I’m not sure which came first when I heard about this weekend’s devastating oil spill off the coast of California’s Orange County: anger, disgust or sadness.
But I can’t say I was surprised.
California has been flirting with this kind of large-scale disaster for decades. We’ve known for a long time that oil pipelines are dangerous and routinely fail. The result this time was 144,000 gallons of crude spilling into the Pacific Ocean, coating our beaches and leaving wildlife to navigate through a deadly mess — again.
The specific cause of this spill appears to be a rupture of one of the many aging oil pipelines snaking along the California coast. The oil platforms were built around 40 years ago — so they’re old, corroding and should have been decommissioned long ago. The pipelines that serve them aren’t much better.
But there’s a larger culprit here too. Year after year, state and federal governments have ignored the well-documented dangers of offshore drilling, relying on a few fixes and crossing their fingers that catastrophe won’t strike.
Time and again, that denial has turned deadly: The Refugio oil spill off Santa Barbara in 2015. The 2010 BP oil spill in the Gulf of Mexico, which killed 1 million birds. Exxon Valdez in 1989. The gigantic Santa Barbara oil spill in 1969. Between each of these horrific man-made disasters have been thousands of other oil spills, broken pipes, accidents and injuries that didn’t make the national news.
Now, we’re adding the spill off Huntington Beach, Calif. to that infamous list, and the consequences are becoming clearer every day. Dead fish and birds are already washing ashore, and dolphins were reported swimming through the oil slick.
Crude oil has now saturated the Talbert Marsh ecological reserve, which is home to dozens of bird species. Among them is the endangered western snowy plover, a sparrow-sized shorebird that’s often seen scurrying across the beach. In fact, before the oil spill, the plovers had just started nesting and raising their young on Huntington Beach for the first time in more than 50 years.
It could be months, even years, before we understand the full damage of the current spill, especially as it oozes out from the origin of the rupture. This stretch of shoreline is a rich ecosystem that supports sea otters, dolphins, migrating whales and countless other species. For people, its beaches are some of the most popular in California.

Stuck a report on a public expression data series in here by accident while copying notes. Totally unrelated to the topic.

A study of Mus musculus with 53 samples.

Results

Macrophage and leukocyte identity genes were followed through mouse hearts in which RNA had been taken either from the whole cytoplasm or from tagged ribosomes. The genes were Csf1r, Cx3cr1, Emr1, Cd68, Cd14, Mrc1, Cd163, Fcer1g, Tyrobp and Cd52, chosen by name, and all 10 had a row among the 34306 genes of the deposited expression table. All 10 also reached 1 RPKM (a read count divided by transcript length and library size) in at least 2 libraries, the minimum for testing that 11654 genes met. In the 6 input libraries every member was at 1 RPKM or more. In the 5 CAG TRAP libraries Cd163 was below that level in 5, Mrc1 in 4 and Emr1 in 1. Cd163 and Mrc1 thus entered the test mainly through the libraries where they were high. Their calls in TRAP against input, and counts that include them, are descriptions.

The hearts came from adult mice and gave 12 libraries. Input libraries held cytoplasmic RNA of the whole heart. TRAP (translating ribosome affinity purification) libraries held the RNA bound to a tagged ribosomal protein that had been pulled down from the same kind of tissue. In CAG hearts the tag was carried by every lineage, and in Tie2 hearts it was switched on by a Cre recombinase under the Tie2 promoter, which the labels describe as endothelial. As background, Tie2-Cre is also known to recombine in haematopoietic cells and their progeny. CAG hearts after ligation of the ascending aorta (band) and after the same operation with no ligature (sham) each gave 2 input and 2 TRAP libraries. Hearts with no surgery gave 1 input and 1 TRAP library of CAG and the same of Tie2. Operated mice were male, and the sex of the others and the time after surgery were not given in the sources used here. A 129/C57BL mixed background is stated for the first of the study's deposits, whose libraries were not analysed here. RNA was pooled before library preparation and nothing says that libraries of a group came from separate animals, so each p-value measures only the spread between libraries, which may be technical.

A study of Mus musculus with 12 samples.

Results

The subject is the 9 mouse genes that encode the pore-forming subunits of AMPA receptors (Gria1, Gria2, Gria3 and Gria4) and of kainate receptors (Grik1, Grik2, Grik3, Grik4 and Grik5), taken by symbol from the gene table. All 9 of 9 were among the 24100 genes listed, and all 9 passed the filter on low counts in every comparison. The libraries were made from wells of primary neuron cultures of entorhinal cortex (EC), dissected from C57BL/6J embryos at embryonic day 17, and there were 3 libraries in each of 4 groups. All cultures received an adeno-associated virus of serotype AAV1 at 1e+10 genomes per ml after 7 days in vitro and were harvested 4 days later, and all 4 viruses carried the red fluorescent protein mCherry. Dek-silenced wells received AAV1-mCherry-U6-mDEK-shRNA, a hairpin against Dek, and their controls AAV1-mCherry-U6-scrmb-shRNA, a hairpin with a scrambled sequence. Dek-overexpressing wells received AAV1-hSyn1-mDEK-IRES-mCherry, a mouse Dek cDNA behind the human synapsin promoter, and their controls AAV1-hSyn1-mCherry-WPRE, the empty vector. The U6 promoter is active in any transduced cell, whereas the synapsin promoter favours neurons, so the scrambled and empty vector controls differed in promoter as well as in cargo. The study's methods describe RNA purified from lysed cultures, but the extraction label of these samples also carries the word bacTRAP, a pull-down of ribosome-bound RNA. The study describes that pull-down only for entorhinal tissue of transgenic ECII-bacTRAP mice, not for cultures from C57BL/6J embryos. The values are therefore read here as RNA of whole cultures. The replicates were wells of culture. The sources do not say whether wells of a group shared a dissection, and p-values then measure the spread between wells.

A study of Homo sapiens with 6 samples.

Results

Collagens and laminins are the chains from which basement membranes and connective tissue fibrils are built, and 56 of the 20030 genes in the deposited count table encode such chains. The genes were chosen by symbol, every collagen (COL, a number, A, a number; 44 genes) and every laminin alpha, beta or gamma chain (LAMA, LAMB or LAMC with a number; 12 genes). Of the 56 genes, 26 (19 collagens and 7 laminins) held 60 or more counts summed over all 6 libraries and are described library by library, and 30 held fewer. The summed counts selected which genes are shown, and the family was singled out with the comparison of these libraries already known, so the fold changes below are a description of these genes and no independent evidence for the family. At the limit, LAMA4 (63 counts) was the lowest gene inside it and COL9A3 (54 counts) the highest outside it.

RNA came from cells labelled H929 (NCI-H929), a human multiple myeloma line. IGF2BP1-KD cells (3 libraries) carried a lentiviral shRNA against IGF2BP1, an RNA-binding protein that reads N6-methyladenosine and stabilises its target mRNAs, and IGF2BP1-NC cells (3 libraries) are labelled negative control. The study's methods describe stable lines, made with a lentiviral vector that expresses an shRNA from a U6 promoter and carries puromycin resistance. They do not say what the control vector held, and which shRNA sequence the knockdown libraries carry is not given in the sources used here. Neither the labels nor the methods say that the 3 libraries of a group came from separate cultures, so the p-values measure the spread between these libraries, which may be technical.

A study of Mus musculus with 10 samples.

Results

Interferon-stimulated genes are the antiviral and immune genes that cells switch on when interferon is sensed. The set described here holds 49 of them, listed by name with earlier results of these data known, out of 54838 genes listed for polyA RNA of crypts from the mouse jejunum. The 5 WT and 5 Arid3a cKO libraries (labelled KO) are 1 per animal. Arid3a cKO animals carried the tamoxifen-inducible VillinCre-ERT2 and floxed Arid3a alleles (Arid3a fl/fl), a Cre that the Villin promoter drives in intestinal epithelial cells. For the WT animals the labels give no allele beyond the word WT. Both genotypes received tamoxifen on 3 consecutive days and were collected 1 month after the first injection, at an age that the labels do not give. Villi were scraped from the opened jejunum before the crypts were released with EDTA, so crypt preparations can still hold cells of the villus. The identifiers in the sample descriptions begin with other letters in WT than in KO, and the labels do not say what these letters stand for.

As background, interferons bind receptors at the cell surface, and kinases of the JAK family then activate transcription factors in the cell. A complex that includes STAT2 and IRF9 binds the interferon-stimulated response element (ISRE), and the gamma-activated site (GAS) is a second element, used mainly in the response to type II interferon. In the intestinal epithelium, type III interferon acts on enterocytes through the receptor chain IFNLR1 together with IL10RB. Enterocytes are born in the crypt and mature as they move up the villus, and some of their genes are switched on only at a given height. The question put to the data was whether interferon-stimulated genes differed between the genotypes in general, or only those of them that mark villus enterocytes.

Yet, day after day oil companies insist on putting all this in jeopardy — and federal and state officials let them. The reality is that offshore drilling can’t be done safely — and spills like these are routine, not exceptions. It’s long past time for this drilling to end.
Unfortunately, I’ve seen how things go after an oil spill. We see outrage, headlines, investigations, reports and a lot of talk about reforms that will make the industry more accountable and reduce the risk of spills. The response nibbles at the edges (at best) but never addresses the fundamental causes of why this keeps happening.
It should be different this time. President BidenJoe BidenChina eyes military base on Africa's Atlantic coast: report Biden orders flags be flown at half-staff through Dec. 9 to honor Dole Biden heading to Kansas City to promote infrastructure package MORE should follow through on his promise to end all federal oil and gas leasing and phase out existing drilling. California Gov. Gavin NewsomGavin NewsomAlarm grows over smash-and-grab robberies amid holiday season Newsom pledges increased spending on busting retail crime rings The Hill's Morning Report - Presented by Facebook - Biden talks up bright side beneath omicron's cloud MORE (D) should stop giving permits to oil companies and get offshore platforms in state waters decommissioned. And Newsom must end neighborhood drilling, to protect the more than 2 million Californians who live within half a mile of an oil or gas well.
The result wouldn’t just be an end to the toxic spills that kill wildlife and ruin our beaches. Winding down drilling offshore and on land is also necessary to address climate crisis, because 85 percent of U.S. greenhouse gas emissions come from oil, gas and coal. The same oil that’s fouling Southern California’s celebrated coastline is also fueling the deadly wildfires, droughts and superstorms that escalate each year.
Our leaders must embrace truly clean and just energy solutions and leave fossil fuels in the ground. As we bear witness to the tragedy unfolding off Huntington Beach, we must demand that the president and other leaders make this oil spill disaster our last.
Miyoko Sakashita is director of the Center for Biological Diversity’s Oceans program.